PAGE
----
The New Year is a great time to make changes to your routine. If you have a running goal for 2019 – whether that’s to complete your first marathon, improve your personal best or simply make running a regular habit – follow these tips to improve your running, avoid injury and increase your running stamina.
1. Don’t run before you can walk
The key to a successful running schedule is to build up the miles gradually. If you’re a beginner running for the first time, you might be desperate to get out there and complete a 5k as soon as possible, or if you’re training for a big race, you might be eager to notch up the miles and push ahead of your training timetable. But it’s essential to give your body time to adapt to the new challenges you’re putting it under, or you risk sustaining an avoidable sports injury. A good rule of thumb is to increase your mileage (or running time) by no more than 10% every week.
2. Improve your strength
Running is an excellent form of cardio exercise, but without strength training, your muscles and joints may not be able to support you sufficiently. Hit the gym and work out with weights, or join a class like Pilates or TRX, and you’ll see the difference your stronger muscles make to your running performance. A good strength training programme will help you improve your speed, reduce your risk of injury, and perform to your full potential.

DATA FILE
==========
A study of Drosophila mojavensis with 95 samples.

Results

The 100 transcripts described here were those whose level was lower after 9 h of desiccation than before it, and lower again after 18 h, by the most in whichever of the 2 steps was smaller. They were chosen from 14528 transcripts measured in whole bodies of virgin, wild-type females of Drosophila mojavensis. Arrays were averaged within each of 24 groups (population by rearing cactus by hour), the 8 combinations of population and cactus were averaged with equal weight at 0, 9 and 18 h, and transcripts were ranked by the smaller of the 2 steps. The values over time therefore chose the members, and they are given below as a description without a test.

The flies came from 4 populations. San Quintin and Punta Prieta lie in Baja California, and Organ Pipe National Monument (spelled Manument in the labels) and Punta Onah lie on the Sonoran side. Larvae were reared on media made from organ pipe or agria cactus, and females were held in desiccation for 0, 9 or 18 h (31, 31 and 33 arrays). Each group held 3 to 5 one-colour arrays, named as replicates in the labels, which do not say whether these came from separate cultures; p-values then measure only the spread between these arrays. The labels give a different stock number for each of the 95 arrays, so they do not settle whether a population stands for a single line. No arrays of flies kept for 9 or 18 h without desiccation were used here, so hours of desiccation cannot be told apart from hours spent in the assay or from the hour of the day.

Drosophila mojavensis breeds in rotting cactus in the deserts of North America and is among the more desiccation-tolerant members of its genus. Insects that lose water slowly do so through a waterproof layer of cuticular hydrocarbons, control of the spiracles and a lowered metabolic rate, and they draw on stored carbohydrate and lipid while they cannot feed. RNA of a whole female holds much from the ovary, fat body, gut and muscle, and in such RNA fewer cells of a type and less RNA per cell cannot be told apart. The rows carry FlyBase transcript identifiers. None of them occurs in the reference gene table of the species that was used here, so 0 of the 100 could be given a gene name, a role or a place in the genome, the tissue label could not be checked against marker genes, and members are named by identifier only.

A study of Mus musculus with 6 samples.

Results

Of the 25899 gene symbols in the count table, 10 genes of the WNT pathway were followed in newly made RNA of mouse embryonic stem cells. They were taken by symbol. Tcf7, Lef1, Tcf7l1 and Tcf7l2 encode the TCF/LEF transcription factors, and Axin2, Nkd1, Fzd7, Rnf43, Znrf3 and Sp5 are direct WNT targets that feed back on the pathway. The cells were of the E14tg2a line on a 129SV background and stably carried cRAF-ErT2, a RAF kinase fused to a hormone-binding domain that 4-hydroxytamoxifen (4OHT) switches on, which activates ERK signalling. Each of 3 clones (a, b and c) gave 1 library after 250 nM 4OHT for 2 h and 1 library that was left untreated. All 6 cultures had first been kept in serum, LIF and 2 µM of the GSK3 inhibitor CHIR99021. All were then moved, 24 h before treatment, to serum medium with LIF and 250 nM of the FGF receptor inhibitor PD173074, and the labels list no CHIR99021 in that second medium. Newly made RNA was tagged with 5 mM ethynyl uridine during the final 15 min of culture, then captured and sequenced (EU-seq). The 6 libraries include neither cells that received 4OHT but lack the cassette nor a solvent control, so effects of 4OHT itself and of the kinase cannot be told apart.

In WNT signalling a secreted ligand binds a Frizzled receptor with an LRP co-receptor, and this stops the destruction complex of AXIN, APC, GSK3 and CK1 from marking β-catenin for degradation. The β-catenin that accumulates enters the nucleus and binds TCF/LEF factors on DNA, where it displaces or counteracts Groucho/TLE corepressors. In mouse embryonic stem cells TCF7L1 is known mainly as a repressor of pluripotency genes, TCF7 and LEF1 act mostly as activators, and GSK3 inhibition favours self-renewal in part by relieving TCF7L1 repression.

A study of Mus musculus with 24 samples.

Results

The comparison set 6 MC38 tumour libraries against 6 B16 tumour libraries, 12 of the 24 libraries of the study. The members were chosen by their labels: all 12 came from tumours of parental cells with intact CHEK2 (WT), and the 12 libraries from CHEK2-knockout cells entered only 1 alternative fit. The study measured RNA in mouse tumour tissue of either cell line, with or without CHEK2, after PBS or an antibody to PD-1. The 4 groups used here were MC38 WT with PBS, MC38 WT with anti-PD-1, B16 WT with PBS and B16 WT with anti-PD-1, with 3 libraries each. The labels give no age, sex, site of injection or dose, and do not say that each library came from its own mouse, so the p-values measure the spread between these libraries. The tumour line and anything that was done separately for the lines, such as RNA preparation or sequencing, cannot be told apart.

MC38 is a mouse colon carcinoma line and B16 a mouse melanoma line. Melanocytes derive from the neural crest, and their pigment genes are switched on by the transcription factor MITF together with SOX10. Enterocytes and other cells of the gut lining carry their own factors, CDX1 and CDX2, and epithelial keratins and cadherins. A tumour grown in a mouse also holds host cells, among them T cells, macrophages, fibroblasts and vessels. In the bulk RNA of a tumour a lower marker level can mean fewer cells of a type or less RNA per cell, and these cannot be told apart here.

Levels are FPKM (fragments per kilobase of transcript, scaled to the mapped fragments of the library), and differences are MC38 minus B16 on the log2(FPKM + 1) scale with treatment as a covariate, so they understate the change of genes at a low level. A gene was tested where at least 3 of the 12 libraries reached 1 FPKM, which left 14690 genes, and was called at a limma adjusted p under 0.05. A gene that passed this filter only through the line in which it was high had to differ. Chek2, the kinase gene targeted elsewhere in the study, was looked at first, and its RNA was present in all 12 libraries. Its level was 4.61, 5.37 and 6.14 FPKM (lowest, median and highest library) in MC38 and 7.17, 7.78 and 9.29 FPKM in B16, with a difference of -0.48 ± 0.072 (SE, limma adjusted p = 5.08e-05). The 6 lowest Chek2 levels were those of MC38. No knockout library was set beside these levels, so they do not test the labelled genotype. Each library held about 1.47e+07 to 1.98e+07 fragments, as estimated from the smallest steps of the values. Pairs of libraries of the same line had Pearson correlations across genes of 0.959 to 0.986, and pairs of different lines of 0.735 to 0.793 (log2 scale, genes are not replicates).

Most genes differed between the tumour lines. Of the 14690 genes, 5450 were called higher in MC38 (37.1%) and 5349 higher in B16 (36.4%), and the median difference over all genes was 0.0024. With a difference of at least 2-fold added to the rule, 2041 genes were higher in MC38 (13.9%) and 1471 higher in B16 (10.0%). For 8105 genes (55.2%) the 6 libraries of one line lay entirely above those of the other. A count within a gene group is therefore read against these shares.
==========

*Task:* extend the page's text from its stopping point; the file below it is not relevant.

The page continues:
3. Take time to recover
Recovery is an important part of any training programme. However far or fast you want to run, your body needs rest days to allow your muscles to heal and your bone tissue to repair. On rest days you don’t have to stay idle if you don’t want to; you could opt for a low-impact form of exercise like yoga or swimming, or complete a gentle recovery run. After a strenuous workout, a sports massage can help lengthen muscles and reduce stiffness.
4. Get your gait analysed
Your running style is as individual as you are. Your gait – the position and movements you use when putting one foot in front of the other – can affect your running efficiency, your speed and, most importantly, your likelihood of sustaining an injury. By getting your gait analysed by a physiotherapist or in a specialist running shop, you’ll be able to select running shoes and orthotics that support your whole body and reduce your risk of a running injury.
5. Listen to your body
Running is a high-impact sport, which means it can take a toll on your joints. If you are experiencing any kind of niggling pain when you run, that’s your body telling you something’s wrong. The chances are, if you keep running through an injury, you’ll make it worse, which could mean having to rest up until it heals (and potentially missing out on that big race). Don’t risk it: get it seen by a physio!